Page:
The Last Watchman of Old Cairo is a sweeping multi-generational story that interweaves history, the importance of storytelling, and the necessity of belief. In honor of the paperback release, Penguin sent me a copy of The Last Watchman of Old Cairo to review for you all.
Joseph, a literature student at Berkeley, is the son of a Jewish mother and a Muslim father. One day, a mysterious package arrives on his doorstep, pulling him into a mesmerizing adventure to uncover the tangled history that binds the two sides of his family. For generations, the men of the al-Raqb family have served as watchmen of the storied Ibn Ezra Synagogue in Old Cairo, built at the site where the infant Moses was taken from the Nile.
Joseph learns of his ancestor Ali, a Muslim orphan who nearly a thousand years earlier was entrusted as the first watchman of the synagogue and became enchanted by its legendary–perhaps magical–Ezra Scroll. The story of Joseph’s family is entwined with that of the British twin sisters Agnes and Margaret, who in 1897 depart their hallowed Cambridge halls on a mission to rescue sacred texts that have begun to disappear from the synagogue.
TW: Self harm
The Last Watchman of Old Cairo is a transfixing story. It sweeps you up with the lush atmosphere, the richly layered historical time periods, and these character’s unbelievable story. I became so immersed, I barely took any notes! That’s the sign of an intriguing book. Throughout the story there’s all this tension, not only because our main character is struggling trying to figure out his relationship to his father and his heritage, but also because there are two other story lines.
I was fascinated by the way Lukas intertwines the different histories. Each chapter tells a different piece of the story. And as the novel progresses, the tension in all the stories rise. We begin wondering how our two intrepid adventurers will fare, how our sweet watchman learns about his new position, and how the main character, Joseph, makes sense of his relationship to his father.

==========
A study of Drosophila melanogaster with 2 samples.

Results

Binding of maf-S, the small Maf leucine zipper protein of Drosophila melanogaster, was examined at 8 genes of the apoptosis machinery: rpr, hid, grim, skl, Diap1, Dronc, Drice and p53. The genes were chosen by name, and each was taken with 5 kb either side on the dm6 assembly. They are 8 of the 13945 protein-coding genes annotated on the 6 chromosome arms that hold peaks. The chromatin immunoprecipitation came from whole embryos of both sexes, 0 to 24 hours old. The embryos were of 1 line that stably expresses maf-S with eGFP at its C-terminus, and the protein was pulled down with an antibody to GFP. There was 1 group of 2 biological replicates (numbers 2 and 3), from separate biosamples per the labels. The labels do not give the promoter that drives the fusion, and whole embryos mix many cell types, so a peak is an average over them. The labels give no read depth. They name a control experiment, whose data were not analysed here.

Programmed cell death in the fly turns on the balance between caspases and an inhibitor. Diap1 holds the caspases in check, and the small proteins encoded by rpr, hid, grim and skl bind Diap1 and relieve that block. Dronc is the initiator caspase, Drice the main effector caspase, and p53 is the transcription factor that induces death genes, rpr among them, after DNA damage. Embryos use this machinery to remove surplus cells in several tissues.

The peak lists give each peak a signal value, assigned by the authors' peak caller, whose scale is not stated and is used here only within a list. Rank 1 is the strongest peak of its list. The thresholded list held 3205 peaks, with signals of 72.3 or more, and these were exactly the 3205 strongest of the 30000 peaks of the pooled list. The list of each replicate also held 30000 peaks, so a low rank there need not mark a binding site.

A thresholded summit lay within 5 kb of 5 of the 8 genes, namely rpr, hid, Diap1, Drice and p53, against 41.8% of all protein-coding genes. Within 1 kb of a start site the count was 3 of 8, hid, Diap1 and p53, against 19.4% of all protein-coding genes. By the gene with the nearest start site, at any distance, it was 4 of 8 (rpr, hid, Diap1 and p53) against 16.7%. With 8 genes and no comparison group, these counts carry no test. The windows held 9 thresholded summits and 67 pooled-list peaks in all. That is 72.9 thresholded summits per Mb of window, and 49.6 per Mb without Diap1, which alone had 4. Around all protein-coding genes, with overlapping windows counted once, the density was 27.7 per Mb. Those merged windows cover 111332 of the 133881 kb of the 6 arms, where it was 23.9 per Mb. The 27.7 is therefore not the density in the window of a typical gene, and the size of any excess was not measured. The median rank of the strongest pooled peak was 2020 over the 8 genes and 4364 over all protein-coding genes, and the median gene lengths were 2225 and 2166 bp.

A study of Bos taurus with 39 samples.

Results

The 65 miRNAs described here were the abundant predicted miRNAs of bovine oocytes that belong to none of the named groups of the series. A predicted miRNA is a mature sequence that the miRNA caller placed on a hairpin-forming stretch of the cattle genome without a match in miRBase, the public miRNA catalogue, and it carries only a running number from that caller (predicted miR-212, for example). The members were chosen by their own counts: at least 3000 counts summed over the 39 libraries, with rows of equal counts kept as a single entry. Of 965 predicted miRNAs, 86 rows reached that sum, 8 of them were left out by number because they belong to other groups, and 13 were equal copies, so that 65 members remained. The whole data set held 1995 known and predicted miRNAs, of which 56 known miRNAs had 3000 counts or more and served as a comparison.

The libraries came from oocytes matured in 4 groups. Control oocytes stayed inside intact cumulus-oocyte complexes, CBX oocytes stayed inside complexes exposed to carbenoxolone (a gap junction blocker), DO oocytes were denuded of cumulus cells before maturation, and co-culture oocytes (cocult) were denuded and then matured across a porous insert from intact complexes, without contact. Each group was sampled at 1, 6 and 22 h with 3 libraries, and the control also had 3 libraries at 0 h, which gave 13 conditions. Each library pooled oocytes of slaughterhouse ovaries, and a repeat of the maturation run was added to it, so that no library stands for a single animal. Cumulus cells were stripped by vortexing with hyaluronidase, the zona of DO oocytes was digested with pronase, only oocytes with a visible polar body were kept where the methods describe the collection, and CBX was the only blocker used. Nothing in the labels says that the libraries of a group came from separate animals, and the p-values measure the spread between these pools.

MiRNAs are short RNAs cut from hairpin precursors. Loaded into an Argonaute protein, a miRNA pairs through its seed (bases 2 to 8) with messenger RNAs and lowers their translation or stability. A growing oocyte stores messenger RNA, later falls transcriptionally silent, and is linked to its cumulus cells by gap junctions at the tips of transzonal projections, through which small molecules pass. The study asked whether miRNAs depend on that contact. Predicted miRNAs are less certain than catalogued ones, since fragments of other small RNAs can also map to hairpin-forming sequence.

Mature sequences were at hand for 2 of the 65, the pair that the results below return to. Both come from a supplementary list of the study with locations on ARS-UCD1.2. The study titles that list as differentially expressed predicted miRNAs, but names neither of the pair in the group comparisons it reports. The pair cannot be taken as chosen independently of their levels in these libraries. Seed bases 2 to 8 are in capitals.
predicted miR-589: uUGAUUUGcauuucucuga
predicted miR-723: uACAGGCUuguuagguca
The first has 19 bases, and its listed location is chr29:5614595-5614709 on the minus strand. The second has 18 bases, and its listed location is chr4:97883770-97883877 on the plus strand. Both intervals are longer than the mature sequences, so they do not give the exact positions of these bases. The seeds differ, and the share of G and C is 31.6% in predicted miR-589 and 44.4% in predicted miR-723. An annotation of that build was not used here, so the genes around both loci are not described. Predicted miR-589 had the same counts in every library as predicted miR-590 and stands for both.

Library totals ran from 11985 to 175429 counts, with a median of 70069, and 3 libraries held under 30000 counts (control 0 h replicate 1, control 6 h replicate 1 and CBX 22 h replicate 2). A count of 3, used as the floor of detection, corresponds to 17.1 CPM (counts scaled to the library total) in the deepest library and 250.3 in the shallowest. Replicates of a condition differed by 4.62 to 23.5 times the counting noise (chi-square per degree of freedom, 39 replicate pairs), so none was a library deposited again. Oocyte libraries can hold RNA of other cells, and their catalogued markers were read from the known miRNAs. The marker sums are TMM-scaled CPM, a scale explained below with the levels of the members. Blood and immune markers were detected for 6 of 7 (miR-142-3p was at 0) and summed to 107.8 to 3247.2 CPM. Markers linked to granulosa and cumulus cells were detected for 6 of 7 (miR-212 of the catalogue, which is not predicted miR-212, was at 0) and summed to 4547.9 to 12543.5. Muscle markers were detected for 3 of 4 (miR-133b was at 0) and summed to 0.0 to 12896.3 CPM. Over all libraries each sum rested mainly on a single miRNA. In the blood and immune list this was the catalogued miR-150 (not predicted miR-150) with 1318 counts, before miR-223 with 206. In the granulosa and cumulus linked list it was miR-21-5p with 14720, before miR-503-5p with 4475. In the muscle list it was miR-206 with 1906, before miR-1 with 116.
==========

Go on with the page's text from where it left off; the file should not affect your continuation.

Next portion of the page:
The Last Watchman of Cairo as a whole is a story about characters on a road to discovery. They find themselves in far away places and unexpected history. Little do they know it, but their lives are being folded into the larger story. And that’s how most of our lives are. This book is part adventure, part love story, and part mystery. It’s not straight forward, but it captures your heart anyway.
What I loved about this story is that in some ways, part of the joys we – as readers experience – are similar to the characters. By reading this story, we too acknowledge the importance of stories, of memories, of traditions, and, maybe too, of forgiveness. The Last Watchman of Cairo examines the ways stories evolve and shape reality, dreams, and everything in between. Check out The Last Watchman of Old Cairo on Goodreads.
About the Author
Michael David Lukas is the author of the internationally bestselling novel The Oracle of Stamboul, which was a finalist for the California Book Award, the Northern California Independent Booksellers Association Book of the Year Award, and the Harold U. Ribalow Prize and has been published in fifteen languages. He has been a Fulbright Scholar in Turkey, a student at the American University of Cairo, and a night-shift proofreader in Tel Aviv. A graduate of Brown University, he has received a fellowship from the National Endowment for the Arts, and his writing has appeared in The New York Times and The Wall Street Journal. He works in the Center for Middle Eastern Studies at UC Berkeley and lives in Oakland, California.
What books do you like that have stories within them?